But the Health and Safety Executive (HSE) listed a series of failings at a government-run lab which shares a site with a private vaccine-producing firm at Pirbright in Surrey.
"It is now pretty clear that the outbreak originated at Pirbright but it isn't possible to pinpoint the exact source," said HSE chief executive Geoffrey Podger, presenting a report on the outbreak.
The Pirbright site is shared between the government-run Institute for Animal Health (IAH) and Merial Animal Health, a private company.
Investigators focused on problems with the drainage system at the site, near to a series of outbreaks of the potentially devastating disease at the start of August.
The outbreaks raised the spectre of a repeat of a 2001 crisis, in which up to 10 million animals were culled and which cost the national economy about eight billion pounds.
Leaks were found in a pipe carrying waste from the two laboratories and the virus could have got out due to flooding in July, contaminating the wheels of vehicles on the site which then travelled to nearby farming areas.
Investigators cited disagreements between the IAH and Merial over who was supposed to pay for maintenance of the drainage system.
But the HSE report and another investigation cited failings at the IAH.
Professor Brian Spratt, who conducted an independent assessment, said investigators had "found no problems" with biosecurity at Merial, while the government-run facility was known to be ageing and in need of repair.
In addition "there was some evidence of complacency about safety at IAH," he added.
The criticism of a government-run laboratory risks embarrassing the government of Prime Minister Gordon Brown, who was praised for his swift handling of the crisis after he cut short his holiday just four hours in to deal with the outbreak.
Environment Secretary Hilary Benn accepted the reports' findings but said there was "no excuse" for the outbreak.
"This has been a very difficult time," he said.
"There can be no excuse for the fact that foot and mouth escaped from the Pirbright facility. It should not be possible. It should not have happened even in these extraordinary circumstances, and it must not happen again."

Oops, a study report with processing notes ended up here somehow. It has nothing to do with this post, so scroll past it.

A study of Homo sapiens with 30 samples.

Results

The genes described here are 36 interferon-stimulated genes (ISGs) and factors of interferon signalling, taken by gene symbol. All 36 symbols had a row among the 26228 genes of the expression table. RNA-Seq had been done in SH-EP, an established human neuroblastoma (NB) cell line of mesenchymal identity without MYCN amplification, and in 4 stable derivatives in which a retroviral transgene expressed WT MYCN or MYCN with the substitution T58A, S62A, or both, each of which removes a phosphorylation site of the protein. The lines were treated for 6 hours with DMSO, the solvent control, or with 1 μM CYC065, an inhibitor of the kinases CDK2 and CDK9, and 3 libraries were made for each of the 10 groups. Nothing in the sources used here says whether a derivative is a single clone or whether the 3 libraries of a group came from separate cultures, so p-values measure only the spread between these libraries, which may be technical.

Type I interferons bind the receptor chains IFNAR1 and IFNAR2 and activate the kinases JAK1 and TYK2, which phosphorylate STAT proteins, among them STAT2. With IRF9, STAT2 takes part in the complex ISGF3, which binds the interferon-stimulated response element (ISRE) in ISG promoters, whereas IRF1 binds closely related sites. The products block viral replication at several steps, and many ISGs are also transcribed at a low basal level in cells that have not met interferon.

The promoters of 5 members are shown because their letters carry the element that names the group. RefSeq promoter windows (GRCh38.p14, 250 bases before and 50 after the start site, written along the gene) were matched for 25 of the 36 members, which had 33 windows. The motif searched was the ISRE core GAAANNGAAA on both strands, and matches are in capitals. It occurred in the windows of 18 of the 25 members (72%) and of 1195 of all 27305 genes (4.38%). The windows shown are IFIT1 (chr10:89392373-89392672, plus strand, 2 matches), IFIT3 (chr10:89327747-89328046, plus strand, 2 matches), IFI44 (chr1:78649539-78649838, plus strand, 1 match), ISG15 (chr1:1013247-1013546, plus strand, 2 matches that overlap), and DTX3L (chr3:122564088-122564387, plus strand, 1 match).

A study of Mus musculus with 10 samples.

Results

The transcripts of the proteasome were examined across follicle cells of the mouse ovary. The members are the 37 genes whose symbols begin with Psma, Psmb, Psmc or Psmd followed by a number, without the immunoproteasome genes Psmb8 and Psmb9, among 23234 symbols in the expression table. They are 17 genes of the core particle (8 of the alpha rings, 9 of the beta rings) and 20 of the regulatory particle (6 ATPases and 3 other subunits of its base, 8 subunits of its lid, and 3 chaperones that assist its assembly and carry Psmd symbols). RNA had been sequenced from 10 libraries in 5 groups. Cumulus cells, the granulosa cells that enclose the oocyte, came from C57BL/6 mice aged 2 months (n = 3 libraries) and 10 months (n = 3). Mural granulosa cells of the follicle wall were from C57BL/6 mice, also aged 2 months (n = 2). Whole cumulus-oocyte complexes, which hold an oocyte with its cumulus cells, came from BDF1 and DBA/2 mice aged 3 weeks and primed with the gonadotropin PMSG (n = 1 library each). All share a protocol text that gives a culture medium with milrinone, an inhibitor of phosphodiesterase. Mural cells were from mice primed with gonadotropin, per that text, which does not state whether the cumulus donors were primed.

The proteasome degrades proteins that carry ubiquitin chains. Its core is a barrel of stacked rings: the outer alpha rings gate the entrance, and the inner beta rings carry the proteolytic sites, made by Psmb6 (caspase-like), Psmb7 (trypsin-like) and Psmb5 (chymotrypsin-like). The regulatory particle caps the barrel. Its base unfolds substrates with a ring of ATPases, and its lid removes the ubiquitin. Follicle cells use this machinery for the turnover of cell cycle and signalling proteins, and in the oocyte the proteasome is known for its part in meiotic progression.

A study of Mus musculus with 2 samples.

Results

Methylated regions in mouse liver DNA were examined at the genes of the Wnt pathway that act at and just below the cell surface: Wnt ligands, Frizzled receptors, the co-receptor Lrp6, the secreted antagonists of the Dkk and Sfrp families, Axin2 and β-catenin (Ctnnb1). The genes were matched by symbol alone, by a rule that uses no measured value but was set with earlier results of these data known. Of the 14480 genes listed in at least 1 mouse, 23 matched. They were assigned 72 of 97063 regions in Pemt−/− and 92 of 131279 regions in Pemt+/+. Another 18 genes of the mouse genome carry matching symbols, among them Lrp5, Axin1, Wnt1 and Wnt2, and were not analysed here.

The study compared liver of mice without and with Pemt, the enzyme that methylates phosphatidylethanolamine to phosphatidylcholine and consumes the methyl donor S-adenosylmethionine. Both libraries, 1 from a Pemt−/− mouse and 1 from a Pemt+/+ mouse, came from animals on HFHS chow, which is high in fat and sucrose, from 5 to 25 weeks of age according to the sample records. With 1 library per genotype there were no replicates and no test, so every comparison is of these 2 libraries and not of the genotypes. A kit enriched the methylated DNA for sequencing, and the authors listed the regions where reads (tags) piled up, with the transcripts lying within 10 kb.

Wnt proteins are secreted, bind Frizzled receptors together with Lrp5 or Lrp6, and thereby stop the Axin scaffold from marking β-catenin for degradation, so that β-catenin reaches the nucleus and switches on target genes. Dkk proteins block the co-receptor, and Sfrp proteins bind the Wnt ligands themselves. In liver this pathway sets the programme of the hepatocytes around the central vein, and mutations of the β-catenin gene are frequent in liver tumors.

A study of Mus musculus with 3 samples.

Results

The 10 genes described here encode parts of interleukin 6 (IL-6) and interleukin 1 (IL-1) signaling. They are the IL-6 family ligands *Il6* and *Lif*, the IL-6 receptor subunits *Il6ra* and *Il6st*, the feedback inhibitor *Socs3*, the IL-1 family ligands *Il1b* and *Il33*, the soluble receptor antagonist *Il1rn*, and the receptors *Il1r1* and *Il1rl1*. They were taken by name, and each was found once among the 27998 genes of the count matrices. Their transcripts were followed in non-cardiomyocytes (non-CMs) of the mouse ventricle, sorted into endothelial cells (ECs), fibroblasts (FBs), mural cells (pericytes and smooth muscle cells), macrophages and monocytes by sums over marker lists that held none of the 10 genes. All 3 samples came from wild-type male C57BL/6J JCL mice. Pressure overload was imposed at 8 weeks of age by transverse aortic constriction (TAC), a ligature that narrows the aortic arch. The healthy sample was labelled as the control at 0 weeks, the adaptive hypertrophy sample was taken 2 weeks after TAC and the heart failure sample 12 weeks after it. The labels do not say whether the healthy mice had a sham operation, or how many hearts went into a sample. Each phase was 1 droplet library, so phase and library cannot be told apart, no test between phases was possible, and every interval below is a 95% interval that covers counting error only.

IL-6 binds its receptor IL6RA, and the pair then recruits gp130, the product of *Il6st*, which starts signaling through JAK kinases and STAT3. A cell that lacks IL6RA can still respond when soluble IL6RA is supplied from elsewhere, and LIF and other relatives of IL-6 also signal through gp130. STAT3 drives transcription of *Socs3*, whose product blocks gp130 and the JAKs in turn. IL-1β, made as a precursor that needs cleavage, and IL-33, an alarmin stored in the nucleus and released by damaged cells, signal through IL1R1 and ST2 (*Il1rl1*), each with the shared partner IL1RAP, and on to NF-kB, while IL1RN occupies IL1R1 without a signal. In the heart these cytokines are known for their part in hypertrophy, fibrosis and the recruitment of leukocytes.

National Farmers' Union chief Peter Kendall blasted the laboratory leaks, which have cost farmers millions of pounds.
"I find it well-nigh incredible and quite indefensible that standards should have been as lax as these reports appear to reveal, given that those concerned were handling some of the most dangerous animal viruses on the planet," he said.
"This outbreak has cost the British livestock industry tens of millions of pounds and it is inevitable that farmers, and many others, will be asking lawyers to consider the case for seeking compensation through the courts for the losses they have suffered.
"We are in discussion with our lawyers about the possibility of seeking legal redress on behalf of our members and will be making a further announcement on that," Kendall said.
But he added: "This should never have been necessary. This was an outbreak that should never have happened."
Chief vet Debby Reynolds meanwhile confirmed that the outbreak had now been completely wiped out -- and announced that clampdown measures imposed are due to be lifted this weekend.
"I am satisfied that foot and mouth has been eradicated from the United Kingdom," she said, adding that the ban on livestock movements and the surveillance zone around the infected farms would be lifted on Saturday.